Emmanuel Macron and Marine Le Pen went head-to-head in the second round of the French presidential election that took place in May. Macron’s win has eased concern over the impact of right-wing parties in Europe and the potential for a European Union collapse. Despite this election result it wasn’t enough to convincingly move European markets into positive territory for the June quarter. Macron attained 66.1 per cent of votes in the second round, a decisive victory, but as it was predicted by pollsters the market reaction was relatively muted.
Rating agencies downgrade Australian banks
Moody’s, the credit rating agency, lowered their rating on a number of Australian banks including the big four in June, citing increased economic risks due to the state of the property market and high-levels of household debt. The big four banks had their rating cut from Aa2 to Aa3 following a similar move by S&P Global Ratings in May. The housing market has received a lot of attention lately due to the risks associated with rising household debt and concerns over affordability, particularly in Sydney and Melbourne. While economic risks have increased, macro prudential actions should help unwind the imbalances and prevent a further build-up of risks.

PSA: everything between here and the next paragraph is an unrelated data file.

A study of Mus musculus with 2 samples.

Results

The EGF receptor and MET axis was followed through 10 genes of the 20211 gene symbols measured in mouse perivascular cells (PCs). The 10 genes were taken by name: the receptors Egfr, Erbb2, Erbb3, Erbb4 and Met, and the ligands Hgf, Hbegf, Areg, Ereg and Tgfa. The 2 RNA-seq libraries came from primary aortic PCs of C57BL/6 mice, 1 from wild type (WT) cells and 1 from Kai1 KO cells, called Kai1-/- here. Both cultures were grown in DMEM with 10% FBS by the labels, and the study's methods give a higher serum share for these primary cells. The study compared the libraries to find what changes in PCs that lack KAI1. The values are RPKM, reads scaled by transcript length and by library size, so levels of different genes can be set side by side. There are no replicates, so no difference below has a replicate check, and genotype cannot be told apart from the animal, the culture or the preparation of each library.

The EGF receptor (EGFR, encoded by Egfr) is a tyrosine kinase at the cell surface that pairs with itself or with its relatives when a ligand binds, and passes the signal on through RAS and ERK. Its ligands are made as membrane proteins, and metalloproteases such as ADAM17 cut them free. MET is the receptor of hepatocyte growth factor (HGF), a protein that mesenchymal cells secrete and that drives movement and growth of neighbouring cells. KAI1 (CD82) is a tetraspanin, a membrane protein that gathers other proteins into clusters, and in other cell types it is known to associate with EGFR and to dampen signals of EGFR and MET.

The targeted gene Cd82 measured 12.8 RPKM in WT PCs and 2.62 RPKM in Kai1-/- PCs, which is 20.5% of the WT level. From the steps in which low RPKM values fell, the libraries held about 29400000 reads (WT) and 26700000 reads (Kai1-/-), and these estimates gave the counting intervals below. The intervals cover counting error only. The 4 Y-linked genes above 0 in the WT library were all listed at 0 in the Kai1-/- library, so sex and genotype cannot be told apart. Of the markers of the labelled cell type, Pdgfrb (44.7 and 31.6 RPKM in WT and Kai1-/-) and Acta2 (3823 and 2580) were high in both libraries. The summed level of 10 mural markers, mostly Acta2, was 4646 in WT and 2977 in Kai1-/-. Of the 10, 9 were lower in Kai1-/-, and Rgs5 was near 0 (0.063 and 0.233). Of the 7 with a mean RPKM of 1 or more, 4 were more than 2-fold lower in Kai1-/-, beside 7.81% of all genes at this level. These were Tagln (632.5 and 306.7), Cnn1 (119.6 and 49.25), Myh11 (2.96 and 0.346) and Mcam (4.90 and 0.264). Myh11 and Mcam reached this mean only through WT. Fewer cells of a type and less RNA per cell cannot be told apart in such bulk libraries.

UK general election backfires on Theresa May
The UK Prime Minister, Theresa May, called an early election on the 8 June in an attempt to gain a larger majority for her Conservative party in parliament. Prior to the election, the Conservatives held a majority of 17 seats in the House of Commons and it was in May’s best interest to attempt to increase the majority and strengthen her position in the Brexit negotiations. However, May wasn’t so fortunate. Her snap election backfired and the Conservative Party lost its majority in the House of Commons. May now finds herself forced to deal with the Northern Irish Democratic Unionist Party so she can form a minority government. Despite the shock result, financial markets reacted relatively calmly.
China re-enforces free trade
The price of iron ore surged following Keqiang’s commitment to support free trade during the World Economic Forum but it’s difficult to see a sustained rebound in the metal given China’s overcapacity in steel. Despite the short term surge, the price of iron ore fell over 35 per cent in the June quarter due to the persistent glut and high inventory levels at Chinese ports.